Saturday, 24-May – Indian Garden → Colorado River Bridge → Indian Garden
Trip miles: 11 miles
Route taken: Bright Angel Trail and River Trail to Colorado Bridge
Average Gas mileage: n/a
Weather: warm enough to not need gloves (50F?) increasing to about 90F in the Canyon
Elevation: 3800ft -> 2480ft
- wading in the Colorado River (brrrr)
- completing my personal best longest hike of the year so far
Rangers advise hikers going down into the Canyon to plan on staying at the bottom near the river and hike back up again later in the day when the temperatures drop. Since we were only planning to hike a total of 11 miles today we preferred to start our hike very early (7:00) and be back before noon. As we left the cool shade of Indian Garden we saw another hummingbird, our good luck omen. The 4.7 mile downhill hike to the Colorado River Bridge was shady and enjoyable, but we knew the 1320ft climb back up would be more of a challenge.
Trail traffic in both directions was heavy for the first hour. Apparently many others had the same idea as we did. Some hikers appeared to be attempting the 24.5-mile Rim-to-Rim day hike or were hiking to or from an overnight stay at Phantom Ranch (they wore small day packs and were hiking fast). Some were returning from Bright Angel Campground (they had bigger backpacks with tents and other gear attached). We let them all rush along to their destinations as we savoured our descent through rock layers formed at various geologic eras from 70 to 1800 million years ago. We were seeing the oldest rocks in the world.
Technically, Bright Angel Trail ends at the Colorado River. To reach Silver Bridge we followed the 1.9-mile River Trail.
About the bridges: Silver (suspension) Bridge, built in the late 1960s/early 1970s, is too narrow for mule traffic but it has a much more important function. Besides being a thrill for hikers to walk across, the Silver Bridge supports the Trans-canyon pipeline for its 490ft span across the Colorado River. The pipeline carries more than 500,000 gallons of water every day from Roaring Springs on the North Rim to the South Rim. Mule teams must continue on the River Trail to the older Black Bridge, built in 1928 as the first link between the South and North Kaibab Trails.
Since it is one of only two bridges across the Colorado River within the Grand Canyon National Park, other hikers were reaching the Silver Bridge via the South Kaibab trail, a 7-mile descent from the Rim. Silver Bridge is .2 miles before the Bright Angel Campground, where fresh water is available. The Phantom Ranch is another .3 miles further, where food and water are both available. We didn't need either food or water and I didn't want to add another mile to our total distance – it was already at the high end of my usual capability – so we turned back to wade in the river and eat lunch. The Colorado River is COLD! Even on this 80F day we were not eager to go deep, like some of the young kids who were doing a full dunk. We waved to a group of river rafters as they floated quietly past us.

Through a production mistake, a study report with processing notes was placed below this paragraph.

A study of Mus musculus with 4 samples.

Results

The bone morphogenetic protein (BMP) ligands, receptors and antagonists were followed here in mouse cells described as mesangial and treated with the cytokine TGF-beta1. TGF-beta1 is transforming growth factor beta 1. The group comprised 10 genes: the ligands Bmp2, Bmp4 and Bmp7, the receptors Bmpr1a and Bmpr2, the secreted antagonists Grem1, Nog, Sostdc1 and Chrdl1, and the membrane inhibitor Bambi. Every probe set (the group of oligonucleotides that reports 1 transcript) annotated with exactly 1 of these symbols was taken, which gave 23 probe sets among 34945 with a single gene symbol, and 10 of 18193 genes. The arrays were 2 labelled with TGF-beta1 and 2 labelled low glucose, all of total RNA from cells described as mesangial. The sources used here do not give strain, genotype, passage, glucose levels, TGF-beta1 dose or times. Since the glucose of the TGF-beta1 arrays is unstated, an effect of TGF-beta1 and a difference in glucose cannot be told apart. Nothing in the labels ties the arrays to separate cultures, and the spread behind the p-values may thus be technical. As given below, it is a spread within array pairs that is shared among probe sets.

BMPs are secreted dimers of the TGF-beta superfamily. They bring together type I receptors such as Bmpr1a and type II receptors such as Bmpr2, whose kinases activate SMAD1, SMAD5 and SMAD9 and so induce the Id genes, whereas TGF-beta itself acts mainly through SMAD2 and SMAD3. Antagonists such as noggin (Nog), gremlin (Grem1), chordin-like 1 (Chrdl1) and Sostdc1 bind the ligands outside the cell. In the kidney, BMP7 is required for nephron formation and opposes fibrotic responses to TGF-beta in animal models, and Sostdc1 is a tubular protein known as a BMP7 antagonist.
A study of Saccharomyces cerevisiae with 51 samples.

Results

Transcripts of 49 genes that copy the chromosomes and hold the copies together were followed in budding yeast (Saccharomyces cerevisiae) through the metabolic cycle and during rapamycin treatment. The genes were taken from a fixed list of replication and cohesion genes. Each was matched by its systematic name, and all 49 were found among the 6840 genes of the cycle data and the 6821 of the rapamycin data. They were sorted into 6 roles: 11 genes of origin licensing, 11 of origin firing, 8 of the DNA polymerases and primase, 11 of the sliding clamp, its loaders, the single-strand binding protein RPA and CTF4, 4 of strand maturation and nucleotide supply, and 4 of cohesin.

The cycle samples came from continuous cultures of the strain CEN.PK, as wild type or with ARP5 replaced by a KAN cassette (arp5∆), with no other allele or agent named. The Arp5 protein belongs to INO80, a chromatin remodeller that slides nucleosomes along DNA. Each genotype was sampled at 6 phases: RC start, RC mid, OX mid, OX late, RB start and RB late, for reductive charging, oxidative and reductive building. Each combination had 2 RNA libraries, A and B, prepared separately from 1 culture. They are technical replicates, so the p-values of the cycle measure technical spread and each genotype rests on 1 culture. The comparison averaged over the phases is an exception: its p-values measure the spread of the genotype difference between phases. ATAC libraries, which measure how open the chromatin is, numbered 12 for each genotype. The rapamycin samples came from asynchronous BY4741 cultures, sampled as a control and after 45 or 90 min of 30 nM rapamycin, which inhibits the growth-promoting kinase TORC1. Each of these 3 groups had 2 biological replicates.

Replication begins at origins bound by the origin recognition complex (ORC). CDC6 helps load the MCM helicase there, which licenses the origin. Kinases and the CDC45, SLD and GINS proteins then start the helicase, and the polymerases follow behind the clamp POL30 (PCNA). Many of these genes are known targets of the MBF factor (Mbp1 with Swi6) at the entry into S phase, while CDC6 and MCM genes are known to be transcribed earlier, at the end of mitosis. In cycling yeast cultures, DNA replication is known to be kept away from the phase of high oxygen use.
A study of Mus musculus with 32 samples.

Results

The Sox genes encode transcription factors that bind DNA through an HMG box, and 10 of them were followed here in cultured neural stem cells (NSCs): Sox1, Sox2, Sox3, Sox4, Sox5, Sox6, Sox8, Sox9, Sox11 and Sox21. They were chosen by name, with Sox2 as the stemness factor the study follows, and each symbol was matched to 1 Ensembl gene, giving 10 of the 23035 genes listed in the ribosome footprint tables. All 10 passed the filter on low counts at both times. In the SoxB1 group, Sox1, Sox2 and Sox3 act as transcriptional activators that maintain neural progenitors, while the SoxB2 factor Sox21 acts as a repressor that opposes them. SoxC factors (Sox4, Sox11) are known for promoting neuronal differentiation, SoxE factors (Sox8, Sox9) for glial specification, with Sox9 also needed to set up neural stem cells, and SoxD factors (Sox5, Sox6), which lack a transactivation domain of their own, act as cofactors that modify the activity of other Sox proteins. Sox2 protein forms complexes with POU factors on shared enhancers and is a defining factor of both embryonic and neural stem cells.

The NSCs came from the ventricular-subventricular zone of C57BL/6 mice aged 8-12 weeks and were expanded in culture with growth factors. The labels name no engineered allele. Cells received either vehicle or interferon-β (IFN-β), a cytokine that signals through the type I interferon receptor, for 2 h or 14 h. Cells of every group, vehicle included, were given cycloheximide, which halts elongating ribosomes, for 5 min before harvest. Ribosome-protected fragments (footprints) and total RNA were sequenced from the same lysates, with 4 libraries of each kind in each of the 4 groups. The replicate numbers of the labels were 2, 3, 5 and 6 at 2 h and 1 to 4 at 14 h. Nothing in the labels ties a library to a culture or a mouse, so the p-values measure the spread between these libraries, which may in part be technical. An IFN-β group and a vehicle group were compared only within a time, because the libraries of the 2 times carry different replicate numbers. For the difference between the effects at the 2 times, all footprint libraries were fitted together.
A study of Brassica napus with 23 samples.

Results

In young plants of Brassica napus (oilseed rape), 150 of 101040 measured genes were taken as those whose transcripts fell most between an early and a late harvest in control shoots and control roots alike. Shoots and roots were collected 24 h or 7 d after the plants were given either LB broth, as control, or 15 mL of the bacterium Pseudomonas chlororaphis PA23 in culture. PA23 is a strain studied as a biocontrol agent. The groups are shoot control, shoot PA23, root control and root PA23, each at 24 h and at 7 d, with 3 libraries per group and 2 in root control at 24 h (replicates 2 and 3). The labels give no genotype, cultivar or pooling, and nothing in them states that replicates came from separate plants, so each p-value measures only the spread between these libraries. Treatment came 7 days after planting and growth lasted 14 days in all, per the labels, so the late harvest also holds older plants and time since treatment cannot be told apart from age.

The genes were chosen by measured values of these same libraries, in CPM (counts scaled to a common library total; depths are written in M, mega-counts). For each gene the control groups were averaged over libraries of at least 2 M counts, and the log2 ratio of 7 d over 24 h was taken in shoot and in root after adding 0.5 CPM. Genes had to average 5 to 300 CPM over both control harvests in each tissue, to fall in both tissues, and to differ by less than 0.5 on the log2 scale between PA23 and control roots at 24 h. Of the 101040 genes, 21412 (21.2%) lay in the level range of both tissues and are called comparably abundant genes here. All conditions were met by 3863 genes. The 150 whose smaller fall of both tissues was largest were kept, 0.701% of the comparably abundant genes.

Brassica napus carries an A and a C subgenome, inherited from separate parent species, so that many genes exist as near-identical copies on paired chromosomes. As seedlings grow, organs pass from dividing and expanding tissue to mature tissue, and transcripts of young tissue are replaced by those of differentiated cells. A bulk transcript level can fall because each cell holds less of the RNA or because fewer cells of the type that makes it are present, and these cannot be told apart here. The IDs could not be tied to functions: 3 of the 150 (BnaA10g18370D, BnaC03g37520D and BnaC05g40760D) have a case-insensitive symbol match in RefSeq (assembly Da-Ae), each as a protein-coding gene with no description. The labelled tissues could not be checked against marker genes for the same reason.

About the Colorado River: In Spanish 'colorado' means coloured. When the Spanish named the river it ran red due to all the red silt it carried with it from the plateau to the Gulf of California. Since the controversial Glen Canyon Dam was built upstream from the National Park (creating Lake Powell), this section of the Colorado is green. The red silt is now deposited upstream from the dam, robbing the downstream ecology of nutrients.
After cooling off and resting we started the hike back up to Indian Garden, with only one pit stop at River Resthouse a few yards up from the river. By 13:00 we were back at our campsite, relaxing, drinking tea and talking to other campers. It was entertaining to watch our new neighbours at the next tent site, especially the three young girls who appointed themselves to set up the two tents for the group in quite an efficient way. It was amazing that they had previously only set up the tents one time in their back yard before the hike.
After dinner we strolled part of the way along the Plateau Trail again, to watch the evening light paint the canyon walls.